You don't really need to know anything about stars to stargaze, all you have to do is look up at night. A little imaginative wondering can enhance the experience. Some of the earliest stories that have been passed down to us from our distant ancestors involve what they thought the stars represented – mythical creatures and events. There is absolutely no reason why you cannot imagine your own.

Some people have become so intrigued by the stars that they begin to study astronomy. While this is a fine endeavour, it is not a requirement.

One of the biggest problems people have when stargazing is that they live in a city and it's very hard to see any stars, no matter how late it is. The best solution is to leave the city. Take a weekend off with your friends, family, significant other, or even just go by yourself. Go out to the country and stay in a motel, or bed and breakfast. If you really want an adventure try camping, or going on an ocean cruise. Anything to get away from the light pollution of the city. Be sure to take a spare blanket to lie on, or even better, a folding lounge chair if you have room.

There are several movements, and even laws to promote 'Dark Skies'. The week of the new moon in April has been promoted worldwide as 'National Dark Sky Week', a time when people are encouraged to reduce outdoor lighting. In many coastal areas where sea animals (especially turtles) nest, there are ordnances that prohibit lights being used near the beach, as they distract the young creatures who have an instinct to follow the starlight reflecting on the waves. Many large parks worldwide are instituting their own dark-sky policies. If you find yourself near one of these areas it will improve your stargazing.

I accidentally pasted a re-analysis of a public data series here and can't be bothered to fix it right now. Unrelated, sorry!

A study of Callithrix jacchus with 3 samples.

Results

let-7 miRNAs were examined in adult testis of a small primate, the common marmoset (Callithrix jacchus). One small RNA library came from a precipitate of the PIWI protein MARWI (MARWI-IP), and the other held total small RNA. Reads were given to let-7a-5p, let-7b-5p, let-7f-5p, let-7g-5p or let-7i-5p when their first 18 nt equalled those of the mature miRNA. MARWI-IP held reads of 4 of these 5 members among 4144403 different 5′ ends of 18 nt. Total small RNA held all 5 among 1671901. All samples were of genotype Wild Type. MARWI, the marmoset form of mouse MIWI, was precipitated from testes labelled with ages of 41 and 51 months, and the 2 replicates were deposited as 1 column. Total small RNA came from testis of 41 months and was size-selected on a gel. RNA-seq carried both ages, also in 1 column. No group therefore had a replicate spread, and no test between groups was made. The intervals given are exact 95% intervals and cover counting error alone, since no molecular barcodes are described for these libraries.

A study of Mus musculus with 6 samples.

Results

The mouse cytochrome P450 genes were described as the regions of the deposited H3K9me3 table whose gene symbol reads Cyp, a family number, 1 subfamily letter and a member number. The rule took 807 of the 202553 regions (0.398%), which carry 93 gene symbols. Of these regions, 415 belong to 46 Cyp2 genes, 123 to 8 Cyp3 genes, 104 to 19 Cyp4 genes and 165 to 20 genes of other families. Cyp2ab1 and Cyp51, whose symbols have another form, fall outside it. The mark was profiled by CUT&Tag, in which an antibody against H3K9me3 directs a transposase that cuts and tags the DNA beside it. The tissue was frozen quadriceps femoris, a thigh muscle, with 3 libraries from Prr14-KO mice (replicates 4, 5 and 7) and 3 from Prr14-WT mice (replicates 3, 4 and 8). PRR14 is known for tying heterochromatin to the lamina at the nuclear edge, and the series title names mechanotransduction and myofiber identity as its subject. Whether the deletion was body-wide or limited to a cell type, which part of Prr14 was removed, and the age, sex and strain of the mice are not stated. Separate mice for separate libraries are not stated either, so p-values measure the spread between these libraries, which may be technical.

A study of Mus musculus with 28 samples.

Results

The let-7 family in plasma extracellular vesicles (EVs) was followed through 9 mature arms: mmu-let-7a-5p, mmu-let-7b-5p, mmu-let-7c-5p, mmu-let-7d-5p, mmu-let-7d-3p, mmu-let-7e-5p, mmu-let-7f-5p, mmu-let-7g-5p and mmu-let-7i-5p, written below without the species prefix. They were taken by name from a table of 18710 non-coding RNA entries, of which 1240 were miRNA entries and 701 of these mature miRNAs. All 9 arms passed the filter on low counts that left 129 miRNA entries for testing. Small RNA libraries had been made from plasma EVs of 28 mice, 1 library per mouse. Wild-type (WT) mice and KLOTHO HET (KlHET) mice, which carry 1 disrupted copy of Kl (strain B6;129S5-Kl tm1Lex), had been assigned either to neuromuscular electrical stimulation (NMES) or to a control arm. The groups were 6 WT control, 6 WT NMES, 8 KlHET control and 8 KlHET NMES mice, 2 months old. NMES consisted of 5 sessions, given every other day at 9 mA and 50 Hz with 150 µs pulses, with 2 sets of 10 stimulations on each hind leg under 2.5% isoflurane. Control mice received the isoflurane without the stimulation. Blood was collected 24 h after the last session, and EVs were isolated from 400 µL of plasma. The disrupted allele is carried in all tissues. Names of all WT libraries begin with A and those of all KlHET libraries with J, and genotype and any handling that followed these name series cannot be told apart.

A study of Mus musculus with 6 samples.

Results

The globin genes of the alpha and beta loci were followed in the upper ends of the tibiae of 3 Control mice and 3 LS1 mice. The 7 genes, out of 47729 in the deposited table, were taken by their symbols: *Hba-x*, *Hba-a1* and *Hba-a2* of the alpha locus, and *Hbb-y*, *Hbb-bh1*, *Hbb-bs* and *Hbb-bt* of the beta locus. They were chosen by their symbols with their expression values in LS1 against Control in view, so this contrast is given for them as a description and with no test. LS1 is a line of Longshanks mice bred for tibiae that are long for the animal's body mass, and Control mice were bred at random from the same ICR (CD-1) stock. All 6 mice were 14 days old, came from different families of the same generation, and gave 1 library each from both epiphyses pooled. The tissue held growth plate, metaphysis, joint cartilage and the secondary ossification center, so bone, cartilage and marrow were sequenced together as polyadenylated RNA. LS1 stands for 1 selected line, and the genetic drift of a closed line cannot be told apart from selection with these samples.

Each night the stars pass slowly overhead from horizon to horizon. If you are extremely lucky you may sight 'shooting stars', or a comet. Another type of moving star could be a man-made satellite. If it has red and green lights it is only an aeroplane, but there is no rule that says you can't watch them also.

As the seasons change, so do the stars available for viewing. If you go a long distance to the north or south you will also be able to gaze at different stars. If you go far enough north you may also be able to view the 'Northern lights' also called the Aurora Borealis. A similar phenomenon occurs for readers in the far southern latitudes.

Stargazing can be enjoyable for many people, but it is understandable that even if you follow these directions you may not have as wonderful a night as you had hoped. The sky might be overcast, or a fog develop in your selected area. If this occurs, pick another night and try again. Maybe things will be better, but if not, don't feel bad. Not every one has to enjoy stargazing. At least you tried it, and you know you're not missing out on anything important. Good luck, and remember to dress warmly – the night air can get pretty cool in many places.

What can be the result of stargazing? This is also only limited by your own imagination. There is a story that is very popular around here about a young man who spent some time laying in a field watching the stars. Truths about philosophy, religion or Greek mythology might be found. You might even learn the true meaning of Life, the Universe and Everything. Then again you might just be inspired to create your own line of warm outdoor clothing.